The other main reason for demythologizing incarnational belief was a moral argument in favour of religious pluralism. According to John Hick, a global perspective requires us to give equal revelatory and salvific significance to all the great world religions. From this perspective, the Christian doctrine of the Incarnation constitutes a major stumbling block. For if the Word became flesh in Jesus alone, the revelatory and salvific importance of this event is bound to exceed that of all other faiths, however positive and life-enhancing they may be as channels of the Spirit's commerce with humanity. Hick's religious epistemology, and his assumption that no one religion could be closer to the truth than others, are sharply criticized by Plantinga in Warranted Christian Belief.52 And indeed, if the arguments surveyed above concerning the coherence of the Incarnation, together with its purpose and its evidence, carry weight, then the assumption of equal status cannot stand.
Swinburne's point about theistic expectation of an incarnation would lead one to suppose that the idea of a divine incarnation or indeed of divine incarnations would have occurred elsewhere in the history of theistic religions. And, of course, it has, most notably, though not exclusively, in the avatar doctrine of Vaishnavite Hinduism, the most striking feature of which is the alleged fact of many incarnations, animal as well as human, of the god, Vishnu. The data are surveyed most accessibly in Geoffrey Parrinder's Avatar and Incarnation. Ninian Smart goes so far as to speak of the incarnation strand in the history of religions. Most Christian philosophers, however, have tended to stress the difference between the Christian doctrine of the Incarnation and Hindu avatar beliefs. Thus Keith Ward writes: 'The avatars of Vishnu do not suffer the limitations of having a real human nature.' They are appearances, manifestations ofthe supreme reality. The same point is made by Julius Lipner, a specialist in the philosophy of Indian religions. After a detailed comparative study of the Hindu and Christian doctrines, he concludes that, for the Hindus, avatara are not fully human, conditioned by previous karma (the law of consequence) like the rest of us. They are appearances of the divine in human (or other) guise.56 H. H. Farmer, too, contrasts the notion 'of a divine being who merely drops into the human scene in an embodied form, unheralded, unprepared for, without roots in anything that has gone before in history and without any creative relationship to the unfolding of events in what comes after', with the embedded-ness of the story of Jesus in the history of the covenant, old and new.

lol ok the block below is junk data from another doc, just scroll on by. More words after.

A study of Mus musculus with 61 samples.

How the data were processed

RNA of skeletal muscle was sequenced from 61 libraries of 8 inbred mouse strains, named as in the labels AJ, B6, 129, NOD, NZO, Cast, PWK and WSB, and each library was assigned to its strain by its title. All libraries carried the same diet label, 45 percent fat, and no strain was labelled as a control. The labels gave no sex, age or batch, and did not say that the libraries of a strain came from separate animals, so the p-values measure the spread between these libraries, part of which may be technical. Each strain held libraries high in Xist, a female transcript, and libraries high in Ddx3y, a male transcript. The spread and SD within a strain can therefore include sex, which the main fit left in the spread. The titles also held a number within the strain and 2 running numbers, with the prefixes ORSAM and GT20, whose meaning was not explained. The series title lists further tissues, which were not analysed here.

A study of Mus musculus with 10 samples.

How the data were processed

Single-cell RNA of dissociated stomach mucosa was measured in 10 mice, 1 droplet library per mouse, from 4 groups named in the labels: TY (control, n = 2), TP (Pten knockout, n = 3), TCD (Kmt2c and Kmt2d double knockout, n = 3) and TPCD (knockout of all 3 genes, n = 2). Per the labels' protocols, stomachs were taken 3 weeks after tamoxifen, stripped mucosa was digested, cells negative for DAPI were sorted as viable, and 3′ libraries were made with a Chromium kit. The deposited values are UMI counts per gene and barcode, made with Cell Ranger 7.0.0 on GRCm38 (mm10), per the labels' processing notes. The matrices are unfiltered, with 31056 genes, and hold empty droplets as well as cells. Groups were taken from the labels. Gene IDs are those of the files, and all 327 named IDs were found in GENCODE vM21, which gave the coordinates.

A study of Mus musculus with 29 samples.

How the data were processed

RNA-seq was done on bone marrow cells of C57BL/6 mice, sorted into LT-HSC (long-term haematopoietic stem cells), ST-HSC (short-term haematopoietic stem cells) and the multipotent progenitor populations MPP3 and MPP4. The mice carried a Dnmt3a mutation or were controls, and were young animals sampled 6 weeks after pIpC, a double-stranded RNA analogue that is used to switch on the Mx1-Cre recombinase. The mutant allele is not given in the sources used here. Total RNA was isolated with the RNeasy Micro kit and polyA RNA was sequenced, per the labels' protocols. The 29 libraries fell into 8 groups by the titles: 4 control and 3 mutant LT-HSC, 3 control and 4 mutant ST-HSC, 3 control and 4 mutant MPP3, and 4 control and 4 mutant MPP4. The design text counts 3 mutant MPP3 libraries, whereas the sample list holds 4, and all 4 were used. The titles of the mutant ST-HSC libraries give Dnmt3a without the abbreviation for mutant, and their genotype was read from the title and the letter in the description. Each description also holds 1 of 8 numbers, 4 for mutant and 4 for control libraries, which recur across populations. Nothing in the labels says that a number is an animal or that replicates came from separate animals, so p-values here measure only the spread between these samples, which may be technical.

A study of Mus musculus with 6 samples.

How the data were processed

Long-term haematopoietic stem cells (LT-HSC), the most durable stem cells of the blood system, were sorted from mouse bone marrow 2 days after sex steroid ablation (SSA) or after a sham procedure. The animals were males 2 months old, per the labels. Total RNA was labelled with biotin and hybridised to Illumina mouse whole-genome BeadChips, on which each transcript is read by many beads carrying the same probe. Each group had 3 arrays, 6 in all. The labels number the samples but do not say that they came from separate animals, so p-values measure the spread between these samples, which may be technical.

The Christian tradition has certainly held that only once did the divine Son come amongst us in incarnate form. Indeed, as Farmer says, it has seen the whole of human history as pivoted around that unique turning point. It was long prepared, within the history of religions, by the history and developing faith of Israel, and the whole future of humanity is determined for all eternity by the universal salvific efficacy of the Christ event (on this see chapter 6). But a number of Christian philosophers, such as Ward and Morris, are prepared to follow Thomas Aquinas in thinking that, while the Incarnation was in fact unique, more than one incarnation of the divine Son was possible, either here on Earth in human form or in some other world among extra-terrestrials.
Against this view, I have argued for the impossibility of multiple incar-nations,59 chiefly on the grounds that if we take seriously the point insisted on by Morris himself that the ultimate subject ofJesus' life is God the Son, then any other purported incarnation, here or elsewhere, would have the same ultimate subject and thus be the same person. In the context of Resurrection belief, this would entail the presence, in the eschaton, of a number of finite personal vehicles of the divine life, all of them coexistent and theoretically capable of interpersonal relation. This makes no sense. 'One individual subject cannot, without contradiction, be thought capable of becoming a series of individuals, or, a fortiori, a coexistent community of
If this is right, and multiple incarnations are indeed impossible, then the uniqueness of the Christ event — the so-called 'scandal of particularity' — is seen to be less offensive. For, in the nature of the case, God's revelatory and salvific purposes could only have been achieved through a necessarily unique incarnation.